Stakeholders seek full implementation of VAPP Law at GPSDC meeting
By Gabriel Chy Alonta
Women stakeholders representing representing different rights groups have called for full implementation of Violence Against Persons Prohibition (VAPP) law in Anambra State.
The stakeholders made the call during a round table discussion organised by Gender Perspective and Social Development Centre (GPSDC) in Awka. They noted that the full implementation of the law is needful for women to take active part in decision making and other political affairs of the state.
They agreed that active participation of women in politics are hindered by both political and sexual violence. They said violence irrespective of type is dangerous to womenfolk, who, according to them, are emotional and known to be agent of peace and stay away from turbulence.
According to them, Women have critical role they play in the social and political affairs of the state, hence, should be given equal opportunity that is devoid of violence and intimidation by their male folks. “Women are known to thrive in different sectors of their career but are being relegated to the background when it comes to political positions.
“Women are naturally afraid of violence. Violence hinders women from politics. It decreases women’s level of participation. They are emotional and are known to be agent of peace and naturally stay away from turbulence.”
They lamented that political participation of women in the state has retrogressed in the past 8 years, pointing out that it is only few parties that had adhered to the inclusion of women in strategic political positions such as the deputy governorship and the allocation of the positions for women.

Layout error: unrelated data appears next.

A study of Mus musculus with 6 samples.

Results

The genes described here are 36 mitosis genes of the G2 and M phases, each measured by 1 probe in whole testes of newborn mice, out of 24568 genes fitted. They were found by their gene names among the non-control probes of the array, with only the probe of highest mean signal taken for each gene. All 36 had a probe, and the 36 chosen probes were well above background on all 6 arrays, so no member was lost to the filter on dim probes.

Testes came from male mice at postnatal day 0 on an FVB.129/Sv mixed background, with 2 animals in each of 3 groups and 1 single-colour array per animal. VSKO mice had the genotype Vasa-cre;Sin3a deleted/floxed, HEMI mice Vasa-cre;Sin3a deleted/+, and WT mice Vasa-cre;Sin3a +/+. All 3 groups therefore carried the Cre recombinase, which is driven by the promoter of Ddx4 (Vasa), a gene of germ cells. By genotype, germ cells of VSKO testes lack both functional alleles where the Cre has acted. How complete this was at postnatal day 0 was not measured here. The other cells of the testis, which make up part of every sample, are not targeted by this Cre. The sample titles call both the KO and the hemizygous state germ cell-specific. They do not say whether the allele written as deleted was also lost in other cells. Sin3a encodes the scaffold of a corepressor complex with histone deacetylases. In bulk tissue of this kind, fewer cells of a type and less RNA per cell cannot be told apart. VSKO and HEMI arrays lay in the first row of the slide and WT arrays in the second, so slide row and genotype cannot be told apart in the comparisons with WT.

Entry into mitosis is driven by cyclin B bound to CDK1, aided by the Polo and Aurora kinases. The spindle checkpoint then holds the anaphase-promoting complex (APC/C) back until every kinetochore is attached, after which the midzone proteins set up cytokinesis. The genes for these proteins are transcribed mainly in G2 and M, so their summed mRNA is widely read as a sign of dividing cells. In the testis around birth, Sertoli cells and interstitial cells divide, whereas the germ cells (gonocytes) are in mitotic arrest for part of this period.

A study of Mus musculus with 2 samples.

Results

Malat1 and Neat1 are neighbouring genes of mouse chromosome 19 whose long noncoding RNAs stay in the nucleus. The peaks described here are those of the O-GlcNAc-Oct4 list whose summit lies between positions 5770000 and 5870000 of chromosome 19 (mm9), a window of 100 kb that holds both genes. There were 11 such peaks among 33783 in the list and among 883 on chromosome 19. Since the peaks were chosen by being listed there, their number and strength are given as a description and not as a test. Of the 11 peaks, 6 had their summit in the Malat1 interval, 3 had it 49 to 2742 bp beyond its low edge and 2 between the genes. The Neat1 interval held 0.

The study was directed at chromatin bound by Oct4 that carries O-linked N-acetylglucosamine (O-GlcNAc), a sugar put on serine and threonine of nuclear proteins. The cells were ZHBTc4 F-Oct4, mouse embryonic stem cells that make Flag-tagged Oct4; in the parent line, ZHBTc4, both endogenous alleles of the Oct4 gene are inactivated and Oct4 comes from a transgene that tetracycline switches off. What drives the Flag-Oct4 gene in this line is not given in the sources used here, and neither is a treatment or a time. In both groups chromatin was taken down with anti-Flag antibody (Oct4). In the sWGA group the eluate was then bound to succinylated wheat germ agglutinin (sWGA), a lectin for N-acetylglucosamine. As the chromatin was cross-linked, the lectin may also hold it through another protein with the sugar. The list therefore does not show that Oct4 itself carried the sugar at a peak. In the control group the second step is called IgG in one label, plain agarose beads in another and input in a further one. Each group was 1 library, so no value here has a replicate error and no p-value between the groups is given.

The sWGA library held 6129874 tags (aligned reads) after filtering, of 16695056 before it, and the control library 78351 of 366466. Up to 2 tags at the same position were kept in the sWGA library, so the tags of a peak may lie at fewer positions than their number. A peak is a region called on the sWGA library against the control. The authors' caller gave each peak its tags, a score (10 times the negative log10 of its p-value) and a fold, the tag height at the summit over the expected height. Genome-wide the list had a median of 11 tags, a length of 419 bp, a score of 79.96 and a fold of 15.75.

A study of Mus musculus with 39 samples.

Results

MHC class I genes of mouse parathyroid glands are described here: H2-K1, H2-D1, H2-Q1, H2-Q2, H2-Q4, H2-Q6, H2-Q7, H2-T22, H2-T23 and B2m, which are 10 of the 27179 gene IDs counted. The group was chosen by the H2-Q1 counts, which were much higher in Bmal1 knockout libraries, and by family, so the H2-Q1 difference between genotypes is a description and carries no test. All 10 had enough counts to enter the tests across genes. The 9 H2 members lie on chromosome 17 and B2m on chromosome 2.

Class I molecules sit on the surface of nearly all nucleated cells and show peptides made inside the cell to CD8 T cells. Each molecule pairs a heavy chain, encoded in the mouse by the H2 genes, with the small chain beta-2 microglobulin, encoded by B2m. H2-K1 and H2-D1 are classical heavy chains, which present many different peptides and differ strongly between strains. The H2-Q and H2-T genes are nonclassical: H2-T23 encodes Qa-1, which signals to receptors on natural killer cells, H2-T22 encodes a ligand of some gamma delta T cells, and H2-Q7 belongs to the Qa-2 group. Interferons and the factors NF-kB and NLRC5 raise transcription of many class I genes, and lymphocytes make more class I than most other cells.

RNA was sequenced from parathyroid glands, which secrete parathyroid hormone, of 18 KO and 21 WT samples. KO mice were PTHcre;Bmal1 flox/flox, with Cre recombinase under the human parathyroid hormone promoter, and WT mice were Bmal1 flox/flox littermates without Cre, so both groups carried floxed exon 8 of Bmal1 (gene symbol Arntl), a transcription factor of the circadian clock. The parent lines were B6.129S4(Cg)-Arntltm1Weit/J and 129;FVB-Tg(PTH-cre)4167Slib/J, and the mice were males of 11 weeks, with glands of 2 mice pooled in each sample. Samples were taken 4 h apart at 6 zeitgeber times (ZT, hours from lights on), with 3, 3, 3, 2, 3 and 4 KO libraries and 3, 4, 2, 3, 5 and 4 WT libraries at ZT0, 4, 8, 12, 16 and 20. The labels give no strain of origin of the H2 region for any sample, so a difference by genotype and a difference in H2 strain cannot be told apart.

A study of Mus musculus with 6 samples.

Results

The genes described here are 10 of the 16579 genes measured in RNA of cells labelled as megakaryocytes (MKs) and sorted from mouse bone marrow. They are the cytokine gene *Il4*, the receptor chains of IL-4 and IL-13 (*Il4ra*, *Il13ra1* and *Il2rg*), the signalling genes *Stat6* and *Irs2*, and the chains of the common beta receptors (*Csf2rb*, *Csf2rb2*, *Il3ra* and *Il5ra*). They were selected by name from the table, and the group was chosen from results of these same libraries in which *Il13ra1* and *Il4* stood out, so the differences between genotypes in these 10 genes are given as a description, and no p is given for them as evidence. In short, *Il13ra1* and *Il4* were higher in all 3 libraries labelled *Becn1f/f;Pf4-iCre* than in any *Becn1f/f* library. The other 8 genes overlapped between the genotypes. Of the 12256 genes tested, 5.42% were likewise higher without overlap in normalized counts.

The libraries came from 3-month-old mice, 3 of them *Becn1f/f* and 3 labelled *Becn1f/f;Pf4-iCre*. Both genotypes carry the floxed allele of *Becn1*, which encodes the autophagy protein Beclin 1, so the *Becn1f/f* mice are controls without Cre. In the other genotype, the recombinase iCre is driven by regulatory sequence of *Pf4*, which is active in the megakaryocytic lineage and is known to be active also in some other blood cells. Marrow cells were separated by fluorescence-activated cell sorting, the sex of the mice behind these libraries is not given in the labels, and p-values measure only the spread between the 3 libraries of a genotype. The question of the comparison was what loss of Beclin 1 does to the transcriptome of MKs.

The women, who also expressed harsh effects of economic violence said it deprives women full participation in the electoral process.They stated that even as financial handicap affects both male and female, it is more pronounced with females as most women are not visibly financially buoyant to compete with their male counterpart who possess financial muscles in political contests.
They, however, urged community leaders to ensure that women are made deputies and nomination/expression of interest forms reduced to be affordable to women.
“If the party can make it compulsory for women to be deputies and as well reduce the purchase of political forms to affordable prices, this will encourage women to participate in politics.
“We don’t want removal of fee for purchasing forms. There should be fee but at an affordable rate. Political parties must give a level playing ground for both male and female.
“Because women see the prices of forms to be on a high side particularly with viable political parties, women are known to look for political non-viable parties to express their political interest knowing fully well they stand the chance of losing with those parties. The 35% affirmative must be ensured and guaranteed for women. Women must insist to have their right. From all the parties in Nigeria, only one-party PDP at the national level has signed to work with the 35% affirmative for women.”
Some of the women who spoke against sexual violence insisted that it is more psychological than physical violence. According to them, survivors of sexual violence tend to be limited and withdrawn. Self esteem dims unless she is counselled and perpetrator punished.
They beckoned on religious leaders, churches and civil societies to join the fight against sexual violence against women by ensuring that perpetrators are punished accordingly in church to prevent a repeat and serve as deterrent to others.
To encourage women participation in politics, the group agreed that civic and voter education programmes focused on women, media engagement, ensuring security, political party code of conduct and information.